U.S. District Judge George A. O’Toole, Jr. of the U.S. District Court for the District of Massachusetts issued the ruling in a case involving Scott Rodrigues who said he was fired after only a few weeks when a urine test turned up evidence of nicotine in his system (See Worker Fired for Being a Smoker Sues Scotts ). The company later argued he had never been formally hired because of the urine test results.
Although O’Toole tossed out a wrongful termination claim and an allegation of a violation of the Massachusetts Civil Rights Act, he ruled that Rodrigues had put up a strong enough showing on two other allegations:
- That Scotts’ treatment of him represented a violation of Section 510 of the Employee Retirement Income Security Act (ERISA) because he was never allowed to enroll in the company’s health plan.
- That Scotts’ attempt to regulate his out-of-work behavior represented a violation of the Massachusetts Privacy Act.
The Scotts Co., a subsidiary of Scotts-Miracle Gro Co. of Marysville, Ohio, instituted a policy in 2006 forbidding smoking to promote healthful lifestyles and hold down insurance costs (See Ohio Firm Latest to Join Workplace Smoking Crackdown ). In the 20 states that allow such policies — including Massachusetts — the company has refused to hire smokers and tests all new employees for nicotine, according to news reports.
Rodrigues charged that wasn’t told he would be tested for the substance and was told the company would help him quit.
O’Toole explained in the ruling that privacy right cases involve courts balancing competing interests between the parties. In the matter involving Rodrigues, O’Toole wrote, “ it is enough for him to articulate a plausible privacy interest, which he has, and to aver, plausibly, that the articulated interest outweighs the defendants’ stated interest in a generally healthy workforce that will have high productivity and low health care costs. Filling out the details on which the balancing will ultimately be done is a matter for discovery and, if necessary, trial.”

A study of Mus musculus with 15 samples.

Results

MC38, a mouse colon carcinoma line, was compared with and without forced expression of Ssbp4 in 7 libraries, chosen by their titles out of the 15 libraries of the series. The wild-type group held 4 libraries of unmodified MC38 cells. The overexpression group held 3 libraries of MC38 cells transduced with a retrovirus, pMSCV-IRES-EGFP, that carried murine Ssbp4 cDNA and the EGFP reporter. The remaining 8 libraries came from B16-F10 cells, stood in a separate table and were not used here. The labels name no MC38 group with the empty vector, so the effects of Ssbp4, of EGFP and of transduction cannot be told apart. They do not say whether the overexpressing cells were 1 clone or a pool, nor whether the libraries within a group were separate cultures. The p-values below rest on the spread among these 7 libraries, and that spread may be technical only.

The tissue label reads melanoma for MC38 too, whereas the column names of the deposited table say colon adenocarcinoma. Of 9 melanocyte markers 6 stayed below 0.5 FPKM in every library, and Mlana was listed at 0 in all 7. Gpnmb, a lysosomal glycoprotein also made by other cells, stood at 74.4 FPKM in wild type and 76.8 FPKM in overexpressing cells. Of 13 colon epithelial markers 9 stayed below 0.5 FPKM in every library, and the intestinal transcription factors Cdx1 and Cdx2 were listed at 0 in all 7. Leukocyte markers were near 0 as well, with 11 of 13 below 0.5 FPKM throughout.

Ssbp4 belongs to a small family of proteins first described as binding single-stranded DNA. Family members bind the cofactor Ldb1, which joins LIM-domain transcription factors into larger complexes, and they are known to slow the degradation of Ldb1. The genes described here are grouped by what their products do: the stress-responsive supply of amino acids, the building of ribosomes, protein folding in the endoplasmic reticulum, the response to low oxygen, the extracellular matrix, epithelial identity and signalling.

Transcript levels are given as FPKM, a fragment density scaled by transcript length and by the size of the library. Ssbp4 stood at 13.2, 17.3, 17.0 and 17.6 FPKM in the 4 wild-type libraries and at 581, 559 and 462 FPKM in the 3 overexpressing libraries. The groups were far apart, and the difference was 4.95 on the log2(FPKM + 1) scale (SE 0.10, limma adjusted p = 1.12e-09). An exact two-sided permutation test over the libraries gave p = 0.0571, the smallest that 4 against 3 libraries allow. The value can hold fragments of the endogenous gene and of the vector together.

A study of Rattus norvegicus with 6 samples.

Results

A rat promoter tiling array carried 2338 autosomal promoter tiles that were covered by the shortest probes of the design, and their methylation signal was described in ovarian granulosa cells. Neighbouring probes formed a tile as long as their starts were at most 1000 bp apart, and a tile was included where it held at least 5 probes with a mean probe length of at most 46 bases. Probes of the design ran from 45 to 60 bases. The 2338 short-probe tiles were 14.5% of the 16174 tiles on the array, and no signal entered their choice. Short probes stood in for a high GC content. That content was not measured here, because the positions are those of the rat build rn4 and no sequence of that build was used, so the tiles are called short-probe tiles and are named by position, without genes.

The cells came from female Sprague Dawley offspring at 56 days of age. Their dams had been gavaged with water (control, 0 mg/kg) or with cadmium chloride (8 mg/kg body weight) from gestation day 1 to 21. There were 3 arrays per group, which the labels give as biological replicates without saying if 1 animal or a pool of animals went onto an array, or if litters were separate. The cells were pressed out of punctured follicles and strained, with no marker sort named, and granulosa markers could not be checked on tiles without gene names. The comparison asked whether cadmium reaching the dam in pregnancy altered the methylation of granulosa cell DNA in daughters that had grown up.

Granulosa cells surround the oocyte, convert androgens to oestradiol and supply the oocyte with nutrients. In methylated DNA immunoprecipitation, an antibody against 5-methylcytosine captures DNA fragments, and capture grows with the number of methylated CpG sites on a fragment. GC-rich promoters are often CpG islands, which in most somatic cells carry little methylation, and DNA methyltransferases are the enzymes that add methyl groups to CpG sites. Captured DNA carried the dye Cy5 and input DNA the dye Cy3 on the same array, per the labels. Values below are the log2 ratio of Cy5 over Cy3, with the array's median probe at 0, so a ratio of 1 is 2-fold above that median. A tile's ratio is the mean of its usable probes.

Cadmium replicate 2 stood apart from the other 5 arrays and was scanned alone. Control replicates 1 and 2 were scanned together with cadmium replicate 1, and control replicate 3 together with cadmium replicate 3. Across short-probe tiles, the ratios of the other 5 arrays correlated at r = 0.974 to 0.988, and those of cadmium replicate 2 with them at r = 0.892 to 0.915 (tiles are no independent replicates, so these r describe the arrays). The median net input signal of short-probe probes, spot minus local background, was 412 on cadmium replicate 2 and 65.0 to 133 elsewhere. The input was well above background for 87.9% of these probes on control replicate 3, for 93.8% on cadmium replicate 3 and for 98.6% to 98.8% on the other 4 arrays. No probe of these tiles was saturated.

On the ERISA claim, the company argued that even if Rodrigues were to be considered an employee, excluding him (by firing him) from participation in its benefit plans because of his smoking, rather than because he was making or was expected to make a claim for benefits, does not violate the statute.
O’Toole asserted that as the case proceeds, Rodrigues will have to prove that the loss of benefits was a prime motivating factor behind his being let go and that the intent to deprive him of benefits was directed at him specifically.
“The resolution of each of these issues may depend on what facts the plaintiff may ultimately prove,” O’Toole wrote. “Scotts’ expectation that the facts ultimately proved (or not proved) will resolve the issues in its favor is not enough to warrant dismissal.”
Lawyers at New York firm Nixon Peabody warned clients in a legal blog that trying to regulate employees’ off the job behavior could be problematic. “Employers should carefully consider whether the cost savings associated with implementing such a broad no-smoking policy are worth the risk of future litigation under ERISA and/or state law issues,” wrote Thomas J. McCord, Gary J. Oberstein, and Renee M. Jackson.